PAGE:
Socrates and Jesus
Recently I came upon a wonderful essay concerning what is called ‘The Socratic Problem.’ Quickly stated, historians and scholars to this day don’t really know much about the actual, historical Socrates. There are two dominant sources for Socratic scholarship; Platonic Dialogues and Xenophon’s Memorabilia. This same problem seems to exist within the historical scholarship of Jesus. As Donald Morrison comments:
‘What do we know about the real, historical Socrates who lies behind the varying literary evidence? The “the problem of the historical Socrates” is a famous scholarly crux, akin to the problem of the historical Jesus.” (Cambridge Companion to Socrates, pg. xiv)
Now, as far people to admire from ancient times, I doubt there are two figures worthy of more consideration than Jesus and Socrates, and yet, we know very little of their actual lives. Now, within the context of Jesus, the Bible of course serves as the dominant source for learning about Jesus’ and his teachings. However, any honest person can see some of the blaring contradictions within just the Synoptic Gospels themselves.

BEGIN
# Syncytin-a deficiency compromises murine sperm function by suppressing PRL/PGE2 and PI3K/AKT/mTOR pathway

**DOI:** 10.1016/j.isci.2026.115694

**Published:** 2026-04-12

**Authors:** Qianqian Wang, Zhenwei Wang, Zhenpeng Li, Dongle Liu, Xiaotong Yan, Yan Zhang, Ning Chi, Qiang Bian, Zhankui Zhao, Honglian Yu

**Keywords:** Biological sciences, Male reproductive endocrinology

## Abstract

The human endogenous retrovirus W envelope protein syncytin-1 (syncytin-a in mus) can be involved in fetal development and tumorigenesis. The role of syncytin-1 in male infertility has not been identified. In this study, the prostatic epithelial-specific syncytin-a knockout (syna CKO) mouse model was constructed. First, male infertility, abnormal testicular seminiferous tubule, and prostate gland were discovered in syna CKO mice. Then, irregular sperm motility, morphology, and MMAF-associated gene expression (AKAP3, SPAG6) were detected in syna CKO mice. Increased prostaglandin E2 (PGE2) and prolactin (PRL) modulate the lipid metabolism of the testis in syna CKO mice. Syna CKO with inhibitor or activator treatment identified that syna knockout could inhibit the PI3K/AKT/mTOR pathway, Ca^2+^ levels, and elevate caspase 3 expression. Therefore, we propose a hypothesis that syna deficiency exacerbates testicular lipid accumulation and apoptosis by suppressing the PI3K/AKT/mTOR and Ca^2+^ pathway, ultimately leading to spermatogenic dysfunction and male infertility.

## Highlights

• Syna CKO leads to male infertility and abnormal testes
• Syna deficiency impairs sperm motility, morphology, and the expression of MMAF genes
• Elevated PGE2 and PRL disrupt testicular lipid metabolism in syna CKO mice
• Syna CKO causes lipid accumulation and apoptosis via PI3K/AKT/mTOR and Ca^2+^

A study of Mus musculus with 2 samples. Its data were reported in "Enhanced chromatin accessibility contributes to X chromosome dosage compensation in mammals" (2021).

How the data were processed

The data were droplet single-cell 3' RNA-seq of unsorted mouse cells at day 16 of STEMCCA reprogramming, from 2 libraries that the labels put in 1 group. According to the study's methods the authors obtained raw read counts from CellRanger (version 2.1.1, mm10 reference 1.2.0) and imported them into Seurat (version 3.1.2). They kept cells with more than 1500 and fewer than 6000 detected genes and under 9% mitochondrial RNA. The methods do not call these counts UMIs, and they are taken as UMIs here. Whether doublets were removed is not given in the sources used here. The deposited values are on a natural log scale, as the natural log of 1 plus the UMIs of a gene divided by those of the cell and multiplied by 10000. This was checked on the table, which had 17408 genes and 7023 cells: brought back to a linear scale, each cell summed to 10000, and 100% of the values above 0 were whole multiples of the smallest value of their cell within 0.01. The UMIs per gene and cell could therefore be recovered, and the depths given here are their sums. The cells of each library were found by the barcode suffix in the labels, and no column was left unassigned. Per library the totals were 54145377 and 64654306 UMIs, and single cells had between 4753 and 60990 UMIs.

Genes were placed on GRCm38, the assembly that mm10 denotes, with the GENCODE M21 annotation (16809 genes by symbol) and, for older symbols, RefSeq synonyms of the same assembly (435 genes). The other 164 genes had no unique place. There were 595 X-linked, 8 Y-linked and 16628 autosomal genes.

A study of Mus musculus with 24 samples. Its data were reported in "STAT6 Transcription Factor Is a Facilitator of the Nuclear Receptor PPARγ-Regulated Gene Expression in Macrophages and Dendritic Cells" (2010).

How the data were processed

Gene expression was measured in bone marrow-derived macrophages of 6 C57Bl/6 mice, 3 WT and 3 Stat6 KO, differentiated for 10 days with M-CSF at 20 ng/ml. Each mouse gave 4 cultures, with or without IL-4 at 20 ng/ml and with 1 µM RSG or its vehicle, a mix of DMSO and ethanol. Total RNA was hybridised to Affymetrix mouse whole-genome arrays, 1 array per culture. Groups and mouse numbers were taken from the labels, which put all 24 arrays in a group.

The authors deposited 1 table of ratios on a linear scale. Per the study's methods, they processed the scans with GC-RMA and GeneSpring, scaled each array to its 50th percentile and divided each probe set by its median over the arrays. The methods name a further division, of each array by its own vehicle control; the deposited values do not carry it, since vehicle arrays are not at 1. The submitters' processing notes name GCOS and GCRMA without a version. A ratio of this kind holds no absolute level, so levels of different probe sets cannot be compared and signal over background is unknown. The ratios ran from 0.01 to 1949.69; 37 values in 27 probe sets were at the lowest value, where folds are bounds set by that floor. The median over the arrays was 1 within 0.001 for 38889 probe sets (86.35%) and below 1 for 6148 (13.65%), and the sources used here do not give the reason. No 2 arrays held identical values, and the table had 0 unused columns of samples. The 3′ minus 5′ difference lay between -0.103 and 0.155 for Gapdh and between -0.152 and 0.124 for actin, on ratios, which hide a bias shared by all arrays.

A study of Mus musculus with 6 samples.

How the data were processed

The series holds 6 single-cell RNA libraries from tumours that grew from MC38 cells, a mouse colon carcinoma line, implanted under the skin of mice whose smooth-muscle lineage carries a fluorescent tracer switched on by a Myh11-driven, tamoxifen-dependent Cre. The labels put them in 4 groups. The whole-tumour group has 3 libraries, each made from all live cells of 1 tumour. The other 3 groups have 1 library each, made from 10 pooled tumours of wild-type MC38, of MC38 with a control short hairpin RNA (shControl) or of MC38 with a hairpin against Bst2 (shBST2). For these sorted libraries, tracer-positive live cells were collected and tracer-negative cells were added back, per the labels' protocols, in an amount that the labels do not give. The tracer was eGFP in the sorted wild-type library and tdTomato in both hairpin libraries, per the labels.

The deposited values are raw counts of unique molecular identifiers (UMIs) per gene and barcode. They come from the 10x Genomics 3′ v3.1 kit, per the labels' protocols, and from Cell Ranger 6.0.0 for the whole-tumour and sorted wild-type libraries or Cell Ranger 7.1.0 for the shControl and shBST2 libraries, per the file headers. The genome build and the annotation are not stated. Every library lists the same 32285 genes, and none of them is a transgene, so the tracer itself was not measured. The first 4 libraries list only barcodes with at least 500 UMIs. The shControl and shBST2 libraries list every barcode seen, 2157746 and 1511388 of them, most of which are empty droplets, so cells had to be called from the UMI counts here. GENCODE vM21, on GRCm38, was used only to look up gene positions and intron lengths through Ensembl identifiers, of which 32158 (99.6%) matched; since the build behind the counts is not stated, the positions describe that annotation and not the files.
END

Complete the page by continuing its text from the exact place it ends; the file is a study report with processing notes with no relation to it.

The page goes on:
Well, the first question that arises is, does it really even matter? As of now, Socratic scholarship has more/ less accepted what Aristotle termed the ‘logoi sokratikoi,’ which is a certain level of literary freedom behind the writers of Socrates, representing him in ‘their own way.’ Yet, even though this is now the accepted status of Socratic scholarship, the problem in understanding who the real Socrates (and perhaps the historical Jesus) shall ever remain. I honestly don’t feel that this is such a terrible thing, for perhaps it is the lack of the clear cut history of such figures that helps not only our own investigation in to these people have merit, but our own heart, our own ideals enter into the discussion. These two sources of inspiration, then, may be alive within us through the transcendence of their teachings. The fact that we really don’t know all that much about these figures historically, nor that we can verify the testimonies of their acts, to me, signifies really nothing other than that period of time in certain historical writings. And the liveliness of these two figures today can stand as testament to the power these figures still have on people.